By Chad Ingram
Published Oct. 20 2016
The cost of electricity for Ontariansshould level off in coming years says a representative from the province'sIndependent Electricity System Operator (IESO).
Chuck Farmer director of stakeholderrelations and public affairs for the IESO visited Minden Hills councillorsduring their Oct. 13 committee-of-the-whole meeting.
While consumer electricity prices inOntario have about doubled in the past decade according to Farmer this hasbeen due to the increasing cost to the province of producing electricity.
Between 2006 and 2015 he said the totalcost of electricity service in Ontario grew from $15.5 billion to $20.5billion.
“Most of that increase is the result ofbuilding generation infrastructure” Farmer said. He said the elimination ofcoal-fired power plants which the provincial government completed in 2014contributed to the need for the construction of more power generationinfrastructure.
“We do expect the cost increases tomoderate” Farmer said indicating this should be the case during the next 20or so years. “We're expecting costs to be relatively flat adjusted forinflation.”
Reeve Brent Devolin pointed to theprovince's recent announcement it would cancel some $3.8 billion worth ofrenewable energy projects in order to save Ontarians an average of $2.45 offtheir monthly electricity bills.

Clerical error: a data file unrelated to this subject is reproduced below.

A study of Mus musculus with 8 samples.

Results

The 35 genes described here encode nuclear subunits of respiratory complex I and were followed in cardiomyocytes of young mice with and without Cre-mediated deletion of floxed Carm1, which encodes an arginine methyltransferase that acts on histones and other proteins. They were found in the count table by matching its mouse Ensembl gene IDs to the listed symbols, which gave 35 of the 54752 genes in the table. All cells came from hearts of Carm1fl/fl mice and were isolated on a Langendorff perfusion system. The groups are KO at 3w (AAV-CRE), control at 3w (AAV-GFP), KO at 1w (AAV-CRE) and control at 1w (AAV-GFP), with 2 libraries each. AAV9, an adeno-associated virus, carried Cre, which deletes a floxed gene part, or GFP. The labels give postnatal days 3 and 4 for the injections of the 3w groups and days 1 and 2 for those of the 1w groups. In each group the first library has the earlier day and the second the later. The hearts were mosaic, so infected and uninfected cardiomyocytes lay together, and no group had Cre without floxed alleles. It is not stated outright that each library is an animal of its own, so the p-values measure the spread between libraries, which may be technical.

“Is cancellation saying in terms ofcapacity . . . we have what we need to meet capacity?” asked Devolin who sitson the Parry Sound/Muskoka advisory committee to the IESO.
“That doesn't mean there won't be a need todo more renewable energy” Farmer said adding that the province should haveadequate capacity for at least the next six to eight years.
Councillor Pam Sayne told Farmer she wasconcerned the province's feed-in tariff (FIT) program seemed to benefit certaincompanies.
She asked Farmer if the IESO was trackingthe number of Ontarians who are choosing to get off the grid all togetherpowering their own homes with self-sufficient setups.
“I wonder if that's something that's beingmeasured by the IESO people who want off the grid completely” Sayne said. “Wehave people who are weighing between paying their electricity bills andheating and winter's coming up again.”
Farmer said the IESO is conductingmicro-grid pilot projects with a number of municipalities.
“As far as grid defection itself we seethis trend coming” he said. “This is a very significant issue for the provinceto deal with.”
Chief administrative officer LorrieBlanchard wanted to know what happened to the infrastructure of FIT projectswhen their life spans were up. Contracts are typically for 20-year periods.
“Is the IESO considering what might be donewith this equipment at the end of the day?” Blanchard asked.
“Generally all generation contracts put arequirement on the owner of the facility to decommission” Farmer said. “Soeverybody is accountable for what they do. At the end of 20 years they maystill be a useful facility it just doesn't have a contract.”
Devolin who's said repeatedly thatmunicipalities should reap some benefit of FIT projects within their borderssaid it would be unfair for the facilitation of that decommissioning process tofall to townships.
“The benefits do not accrue to us so thecosts should not accrue to us” he said.